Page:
Hackers turn trash into treasure with 3D printer built from e-waste

-August 01, 2014


What’s a hackerspace doing in West Africa? And can it really build a sub-$100 3D printer out of discarded e-junk? “The better question is why hasn’t anyone thought to set up a hackerspace before now” says Afate Gnikou, one of the principal members of Woelab, a hackerspace based in Togo, West Africa. With prototypes already printing parts for the next generation of machines, Gnikou and his colleagues at Woelab are close to realizing their goal of creating a 3D printer which can to turn the region’s growing piles of imported e-waste from an environmental problem into an economic asset.



Dubbed the W.Afate (Woelab+ the inventor’s name), the printer’s design is based on the Prusa Mendel, a popular open-source design developed by the RepRap Forum, which has been adapted to make use of components salvaged from discarded printers, scanners . According to a story published May 2013 in 3D Printing Industry, the idea for the scrappy little printer occurred during AchiCamp, a workshop on architecture and urban design, held in Lomé, Togo’s capital.

Woelab has already demonstrated working prototypes at several 3D printing conferences, including 3D Printshow 2014, in New York, where the video clip below this paragraph was shot. The project’s goal is to “democratize” the original open-source design for the Prusa Mendel printer to enable anyone with basic technical skills to build their own printer from the relatively-abundant e-scrap being brought to Africa for recycling and/or disposal *. Gnikou obtained funding to support development of printer kits and open source documentation for the design from a campaign on Ulule, a European crowdfunding site. In addition to the documentation, they produced several working models.

E Waste 3D Printer from BourneDigital on Vimeo.

Afate Gnikou led a team of West African Makers who developed a functional 3D printer, made primarily from with salvaged from discarded consumer electronics.Click here to see the video in fill resolution.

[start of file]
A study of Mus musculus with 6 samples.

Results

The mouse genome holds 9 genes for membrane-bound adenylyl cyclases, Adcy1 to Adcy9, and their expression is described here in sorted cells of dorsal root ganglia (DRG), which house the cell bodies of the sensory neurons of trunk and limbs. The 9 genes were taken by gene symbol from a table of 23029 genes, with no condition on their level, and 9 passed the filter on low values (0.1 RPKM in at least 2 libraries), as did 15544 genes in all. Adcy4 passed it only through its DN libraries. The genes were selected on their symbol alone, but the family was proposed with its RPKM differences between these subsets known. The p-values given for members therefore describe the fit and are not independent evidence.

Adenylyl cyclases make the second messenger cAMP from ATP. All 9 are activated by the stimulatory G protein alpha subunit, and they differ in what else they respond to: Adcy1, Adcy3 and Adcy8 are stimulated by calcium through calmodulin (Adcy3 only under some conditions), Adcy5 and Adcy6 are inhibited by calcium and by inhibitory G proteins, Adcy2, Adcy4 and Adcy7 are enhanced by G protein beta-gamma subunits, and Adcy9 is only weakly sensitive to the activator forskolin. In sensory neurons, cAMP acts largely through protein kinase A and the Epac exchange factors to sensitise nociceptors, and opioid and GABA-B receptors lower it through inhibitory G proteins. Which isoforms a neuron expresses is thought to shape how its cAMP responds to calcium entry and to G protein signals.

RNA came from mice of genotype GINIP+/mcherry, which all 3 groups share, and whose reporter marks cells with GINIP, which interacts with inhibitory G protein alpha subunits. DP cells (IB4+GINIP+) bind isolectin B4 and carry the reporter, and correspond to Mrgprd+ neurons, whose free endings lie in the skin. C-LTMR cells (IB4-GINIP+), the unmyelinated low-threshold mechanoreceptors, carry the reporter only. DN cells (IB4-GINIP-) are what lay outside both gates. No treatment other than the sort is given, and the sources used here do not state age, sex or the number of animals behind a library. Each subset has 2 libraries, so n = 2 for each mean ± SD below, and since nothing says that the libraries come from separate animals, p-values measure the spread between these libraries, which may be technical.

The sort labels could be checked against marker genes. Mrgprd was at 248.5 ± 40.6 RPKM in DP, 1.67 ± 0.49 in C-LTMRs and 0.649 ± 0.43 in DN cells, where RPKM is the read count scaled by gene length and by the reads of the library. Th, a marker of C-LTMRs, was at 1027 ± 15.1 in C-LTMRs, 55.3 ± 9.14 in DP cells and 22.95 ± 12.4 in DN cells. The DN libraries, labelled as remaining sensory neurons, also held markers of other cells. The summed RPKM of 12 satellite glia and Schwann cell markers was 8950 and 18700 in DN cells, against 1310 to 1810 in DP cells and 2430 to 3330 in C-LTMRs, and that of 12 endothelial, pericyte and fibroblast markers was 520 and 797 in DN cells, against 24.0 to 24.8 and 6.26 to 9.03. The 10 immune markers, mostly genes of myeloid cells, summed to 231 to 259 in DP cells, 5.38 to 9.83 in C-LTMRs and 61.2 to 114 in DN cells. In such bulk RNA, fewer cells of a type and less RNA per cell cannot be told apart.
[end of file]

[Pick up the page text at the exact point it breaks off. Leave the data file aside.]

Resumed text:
The demo unit we saw operating in NY had a raw, unfinished, appearance, which contrasted sharply with the sleek lines and carefully-chosen color schemes of the dozens of commercial units on display at the exhibit hall. As shown in the photo below, W.Afate’s frame is constructed from the case of a PC tower case and a mismatched assortment of stepper motors, salvaged from scanners and printers, driving the X/Y/Z stages as well as the printer’s filament feeder mechanism. A salvaged PC power supply bolted to the side of the printer’s frame drives the entire assembly.



There are still a few parts which must be purchased, including the hot end for the print head and an Arduino-based development board (typically based on Atmel’s Mega 256 MCU) which serves as both a controller for the printer’s mechanisms and a communication interface which allows it to exchange files and commands with the user’s PC. The $50-$75 cost of the controller board is a significant expense in terms of the average income of a West African, but it's an affordable luxury since the machine it drives delivers much of the functionality of commercially-produced units costing $750-$1000+. **

But beneath its MacGyyver-esque appearance lurks a rather well-engineered machine. It doesn’t set any speed records, and it seems to need a bit more frequent fine-tuning than a store-bought unit but most of the samples it produced appeared to be at least as well-formed and sturdy as one would get from a standard Prusa printer. Afate said that he expects that the final design which will be released for general use will have additional refinements which will improve print quality and reduce the amount of tinkering a user will have to do in order produce it.



If you speak French, you’ll enjoy this description of the print head’s design (above) and a video of the first test of the extruder mechanism (below).



Woelab has several other projects underway which use Maker-type technologies to create tools which address some of the region’s unique problems and opportunities. These include an Arduino-controlled water-conserving irrigation system and implementing an African version of the OmNom plastic recycling system.


Notes

*For more information about e-waste exports to China, Africa and elsewhere, see Salon’s excellent articleWhere computers go to die — and kill
** Editor’s note: Since the project is being run on a minimal budget, I’ve made inquiries with Atmel, Arduino, STMicro and a couple of other companies about obtaining some processor boards, development tools and technical support for the W.Afate project. All the companies I've contacted have expressed interest but, at least so far, none of them have taken any action. So, if you, or anyone you know, can put me in touch with someone interested in helping make this dream a reality, please contact me at LEDitor(at)green-electronics(dot)com.